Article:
Ohio-based startup Lordstown Motors is firing back at Hindenburg Research, the short-seller group claiming the EV truckmaker either faked or overstated claims that it has advance orders for 100,000 of the electric pickups it plans to launch later this year.
Hindenburg is the same investment research firm that last year revealed extensive problems in the claims made by another nascent green truck company, Nikola Motors. Its latest report claims Lordstown may have made some similar distortions as it went public through a SPAC merger, among other things grossly overstating advance order numbers.
“Lordstown is an electric vehicle SPAC with no revenue and no sellable product, which we believe has misled investors on both its demand and production capabilities,” Hindenburg said, while referring to Lordstown founder and CEO Steve Burns as a “con man.”
Lordstown claims Endurance truck on track
For its part, Lordstown responded on Monday with a release defending its product plans and promising to directly address “important business developments” during its inaugural earnings call.
While the statement didn’t directly address the various charges leveled by Hindenburg, Lordstown said it “remains on track for start of production of its Lordstown Endurance all-electric pickup truck in September 2021.”
The statement also noted that, “The company is aware of the remarks made in the report and intends to respond as appropriate in due time.”
Lordstown Motors was launched in 2018 by Burns, an early pioneer in vehicle electrification. It took a big leap with the acquisition of the former General Motors plant in Lordstown, Ohio, which is being retooled to build the Endurance pickup.
In January, the company said it received more than 100,000 non-binding production reservations from various commercial fleets. That appeared to be a significant base of business for a startup in a market just adopting electric propulsion.
But Hindenburg’s new report questions many of the orders listed by Lordstown. Among the largest is a deal for 14,000 of the trucks worth $735 million supposedly placed by E Squared Energy. But Hindenburg claims the firm is a two-man operation, based out of a “small apartment in Texas,” which has no vehicle fleet.
“Another 1,000-truck, $52.5 million order comes from a 2-person startup that operates out of a Regus virtual office with a mailing address at a UPS Store,” reported Hindebnburg. “We spoke with the owner who acknowledged it won’t actually order any vehicles, instead describing the ‘pre-order’ as a mere marketing relationship.”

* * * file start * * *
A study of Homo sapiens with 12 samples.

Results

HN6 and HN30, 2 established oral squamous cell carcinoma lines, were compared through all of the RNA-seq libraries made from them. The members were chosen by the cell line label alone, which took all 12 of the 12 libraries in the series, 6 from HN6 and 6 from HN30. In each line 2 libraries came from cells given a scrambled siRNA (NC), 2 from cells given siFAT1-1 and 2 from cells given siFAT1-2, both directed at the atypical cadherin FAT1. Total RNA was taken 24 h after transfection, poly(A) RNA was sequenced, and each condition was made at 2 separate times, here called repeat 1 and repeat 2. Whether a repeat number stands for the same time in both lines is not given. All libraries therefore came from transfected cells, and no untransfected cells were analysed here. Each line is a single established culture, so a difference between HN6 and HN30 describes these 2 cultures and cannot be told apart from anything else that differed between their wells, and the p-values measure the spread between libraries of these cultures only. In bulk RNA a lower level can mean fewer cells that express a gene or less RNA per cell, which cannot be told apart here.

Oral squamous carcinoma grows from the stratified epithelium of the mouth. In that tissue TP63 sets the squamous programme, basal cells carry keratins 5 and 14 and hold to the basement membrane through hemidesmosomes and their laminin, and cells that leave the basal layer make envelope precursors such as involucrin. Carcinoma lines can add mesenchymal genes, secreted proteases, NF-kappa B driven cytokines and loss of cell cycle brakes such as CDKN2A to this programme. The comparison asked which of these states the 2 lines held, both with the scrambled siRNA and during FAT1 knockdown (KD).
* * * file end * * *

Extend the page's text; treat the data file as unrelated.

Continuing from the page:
Hindenburg also took down Nikola
While Hindenburg’s report raised numerous questions about the status of the Endurance program and the sales numbers Lordstown claims, it took direct aim at CEO Burns. The report cites unnamed current and former Lordstown employees who, among other things, dubbed Burns a “con man,” and likened him to P.T. Barnum, the legendary circus owner and scam artist.
The tenor of the Hindenburg report echoes a study it put out last year on Nikola Corp., which also used a SPAC deal to go public, initially generating a big run up in its share price while also lining up a proposed alliance with General Motors.
The GM deal was sharply pared back after the report was released, Nikola’s stock taking a major tumble. Other revelations followed about Chairman Trevor Milton’s allegedly inappropriate behaviors, leading to his resignation. In February, the company released the results of an internal study indicating a number of statements made by Nikola and Milton were partially or completely inaccurate.
Lordstown stock tumbles
After going public last year, Lordstown Motors’ shares surged to a high of $31.80 before settling back a bit below $20. The stock plunged last Friday after the Hindenburg report was released, before rebounding slightly. It stood at $15.14 a share at noon Monday.
Analysts have been mixed in their opinion of Lordstown’s chances of making a business case with Endurance – and an initial $75 million from GM when it transferred ownership of the Ohio plant.
The truck takes the unusual approach of using four motors, one mounted in each wheel hub. It is expected to produce 600 horsepower, deliver 250 miles of range and tow up to 6,000 pounds.
Demand for all-electric commercial vehicles has been growing rapidly, with companies as diverse as UPS, Amazon and Wal-Mart placing orders – though most frequently for battery-powered delivery trucks. Complicating matters, as many as a dozen different companies are planning to launch electric pickups. These include established automakers like General Motors and Ford, as well as numerous new companies like Rivian, Bollinger and Atlas, as well as Lordstown Motors.